Don't die without sharing your PIN numbers.
That seems to be the lesson learned from Verizon's recent botched handling of a deceased man's account.
Bill Young of Calvin, W.Va died in June 2009, but Verizon Wireless continued to bill him until February 2010.
Young's daughter, Cynthia Lacy produced a death certificate for the company to certify her father's passing, but that wasn't enough for Verizon.
She was told by a Verizon representative that without her father's PIN (personal identification number), she was not allowed access to the account, reports the St. Petersburg Times.
The Florida paper recounted the conversation Lacy allegedly had with Verizon:
'Well, there's nothing else I can do for you,' the representative said before laughing and hanging up the phone.
'This is wrong,' a frustrated Lacy said.
According to The Consumerist, the family needed the matter resolved before they could settle Young's estate.
Finally, after Lacy contacted the Consumer's Edge column of the St. Petersburg Times, Verizon took action. 'Bob Elek, a spokesman for Verizon, said the representative did not handle the case properly and has since been reprimanded and given coaching,' the St. Petersburg Times writes.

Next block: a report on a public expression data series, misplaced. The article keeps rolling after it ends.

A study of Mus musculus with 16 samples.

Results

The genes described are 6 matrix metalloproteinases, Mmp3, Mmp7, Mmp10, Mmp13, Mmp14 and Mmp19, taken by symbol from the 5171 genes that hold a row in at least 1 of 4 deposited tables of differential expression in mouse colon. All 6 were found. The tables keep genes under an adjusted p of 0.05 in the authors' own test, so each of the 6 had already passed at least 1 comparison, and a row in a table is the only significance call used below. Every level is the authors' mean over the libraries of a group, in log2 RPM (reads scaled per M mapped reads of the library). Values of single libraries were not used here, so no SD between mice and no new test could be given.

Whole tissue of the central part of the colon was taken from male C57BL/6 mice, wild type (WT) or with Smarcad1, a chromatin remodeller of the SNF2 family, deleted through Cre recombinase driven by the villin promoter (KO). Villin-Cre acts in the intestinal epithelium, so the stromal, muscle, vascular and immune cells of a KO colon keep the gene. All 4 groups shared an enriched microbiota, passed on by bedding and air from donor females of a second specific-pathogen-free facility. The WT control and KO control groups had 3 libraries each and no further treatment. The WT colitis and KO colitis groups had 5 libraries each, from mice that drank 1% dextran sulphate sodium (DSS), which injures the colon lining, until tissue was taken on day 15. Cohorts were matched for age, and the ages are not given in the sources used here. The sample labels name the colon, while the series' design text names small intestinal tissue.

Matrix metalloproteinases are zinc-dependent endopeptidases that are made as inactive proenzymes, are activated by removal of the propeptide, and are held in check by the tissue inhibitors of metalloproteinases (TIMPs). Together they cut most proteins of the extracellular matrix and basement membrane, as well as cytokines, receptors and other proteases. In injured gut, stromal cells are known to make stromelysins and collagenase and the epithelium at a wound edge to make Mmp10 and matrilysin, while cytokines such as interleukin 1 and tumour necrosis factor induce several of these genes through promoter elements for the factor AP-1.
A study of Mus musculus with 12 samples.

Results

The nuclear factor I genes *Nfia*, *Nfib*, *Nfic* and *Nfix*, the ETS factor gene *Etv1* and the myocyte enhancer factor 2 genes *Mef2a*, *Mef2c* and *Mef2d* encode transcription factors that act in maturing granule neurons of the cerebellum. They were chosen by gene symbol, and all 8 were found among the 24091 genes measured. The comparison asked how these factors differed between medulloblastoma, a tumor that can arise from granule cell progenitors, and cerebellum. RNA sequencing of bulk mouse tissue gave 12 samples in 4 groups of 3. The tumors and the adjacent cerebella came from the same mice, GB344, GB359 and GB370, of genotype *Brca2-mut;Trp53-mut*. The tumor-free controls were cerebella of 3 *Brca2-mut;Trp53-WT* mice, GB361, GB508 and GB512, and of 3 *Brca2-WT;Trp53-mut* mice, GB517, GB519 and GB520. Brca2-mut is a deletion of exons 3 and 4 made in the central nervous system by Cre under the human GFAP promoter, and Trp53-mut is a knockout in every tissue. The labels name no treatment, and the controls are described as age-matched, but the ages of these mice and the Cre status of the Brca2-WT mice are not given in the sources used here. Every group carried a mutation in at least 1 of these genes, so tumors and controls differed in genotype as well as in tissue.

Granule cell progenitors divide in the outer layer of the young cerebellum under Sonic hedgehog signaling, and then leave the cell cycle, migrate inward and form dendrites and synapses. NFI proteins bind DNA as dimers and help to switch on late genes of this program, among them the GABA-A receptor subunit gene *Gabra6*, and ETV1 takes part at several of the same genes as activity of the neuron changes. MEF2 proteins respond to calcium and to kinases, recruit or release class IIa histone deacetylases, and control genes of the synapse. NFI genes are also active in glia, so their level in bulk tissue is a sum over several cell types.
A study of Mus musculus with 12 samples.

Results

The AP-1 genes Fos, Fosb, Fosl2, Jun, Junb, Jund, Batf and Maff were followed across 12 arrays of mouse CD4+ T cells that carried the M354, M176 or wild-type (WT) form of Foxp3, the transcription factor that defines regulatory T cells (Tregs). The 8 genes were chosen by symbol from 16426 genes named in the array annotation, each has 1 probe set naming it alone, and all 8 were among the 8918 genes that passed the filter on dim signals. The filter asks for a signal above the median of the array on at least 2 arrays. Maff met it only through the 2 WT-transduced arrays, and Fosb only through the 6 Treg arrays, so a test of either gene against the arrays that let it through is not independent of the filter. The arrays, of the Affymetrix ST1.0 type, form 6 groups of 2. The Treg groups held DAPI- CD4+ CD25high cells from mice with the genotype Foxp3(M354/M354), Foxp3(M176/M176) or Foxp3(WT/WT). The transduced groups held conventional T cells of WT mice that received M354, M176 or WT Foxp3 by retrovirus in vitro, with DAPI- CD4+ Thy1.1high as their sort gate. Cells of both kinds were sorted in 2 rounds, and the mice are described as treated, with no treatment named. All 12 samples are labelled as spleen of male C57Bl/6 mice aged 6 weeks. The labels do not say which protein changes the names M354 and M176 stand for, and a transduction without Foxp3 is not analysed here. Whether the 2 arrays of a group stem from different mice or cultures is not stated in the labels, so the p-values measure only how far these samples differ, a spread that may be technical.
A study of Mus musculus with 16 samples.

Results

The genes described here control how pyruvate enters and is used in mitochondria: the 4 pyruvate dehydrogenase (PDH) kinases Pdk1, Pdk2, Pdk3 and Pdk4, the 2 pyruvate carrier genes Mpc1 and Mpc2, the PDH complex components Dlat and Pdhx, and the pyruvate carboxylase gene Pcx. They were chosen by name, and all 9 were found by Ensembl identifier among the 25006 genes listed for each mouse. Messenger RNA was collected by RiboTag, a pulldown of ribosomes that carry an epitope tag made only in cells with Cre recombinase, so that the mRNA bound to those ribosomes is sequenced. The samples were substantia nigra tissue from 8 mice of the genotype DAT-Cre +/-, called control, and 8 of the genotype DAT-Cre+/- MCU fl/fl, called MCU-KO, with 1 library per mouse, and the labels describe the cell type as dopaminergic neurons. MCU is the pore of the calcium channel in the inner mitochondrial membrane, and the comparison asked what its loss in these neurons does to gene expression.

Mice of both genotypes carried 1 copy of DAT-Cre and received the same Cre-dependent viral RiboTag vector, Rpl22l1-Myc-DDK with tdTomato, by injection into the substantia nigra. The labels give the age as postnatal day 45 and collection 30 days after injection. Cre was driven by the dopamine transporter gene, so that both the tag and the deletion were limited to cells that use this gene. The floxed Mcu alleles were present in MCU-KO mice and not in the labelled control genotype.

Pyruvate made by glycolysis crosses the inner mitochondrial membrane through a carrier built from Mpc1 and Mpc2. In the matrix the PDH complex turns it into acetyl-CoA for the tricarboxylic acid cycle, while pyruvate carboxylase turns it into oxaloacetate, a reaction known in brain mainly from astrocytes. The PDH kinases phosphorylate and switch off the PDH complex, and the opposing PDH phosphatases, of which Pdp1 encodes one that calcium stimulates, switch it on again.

Verizon will refund Lacy for the months she was wrongfully charged.
Ivan Penn of the St. Petersburg Times advises consumers to keep a safe deposit box of PINs and account passwords. 'Reality is,' Penn writes, 'that anything could happen, whether death or serious injury. Your family may need to access that information, so it should be a part of estate planning.'
Recently, however,The Guardian presented a chilling scenario: What if the bank refuses access to the box until after the will is probated, but the necessary information is in the box?
The Guardian goes on to explain:
[M]any countries's laws make it difficult or impossible for a court to order you to turn over your keys; once the passphrase is known by a third party, its security from legal attack is greatly undermined, as the law generally protects your knowledge of someone else's keys to a lesser extent than it protects your own.
Our myriad digital identities--from online bank accounts to Facebook profiles--has given rise to a host of new startups that aim to help individuals manage their 'digital afterlife.' Companies, such as Legacy Locker, AssetLock, Deathswitch, and Slightly Morbid, are being set up to act as e-undertakers, helping individuals to plan for their digital assets, much as they would draw up a will.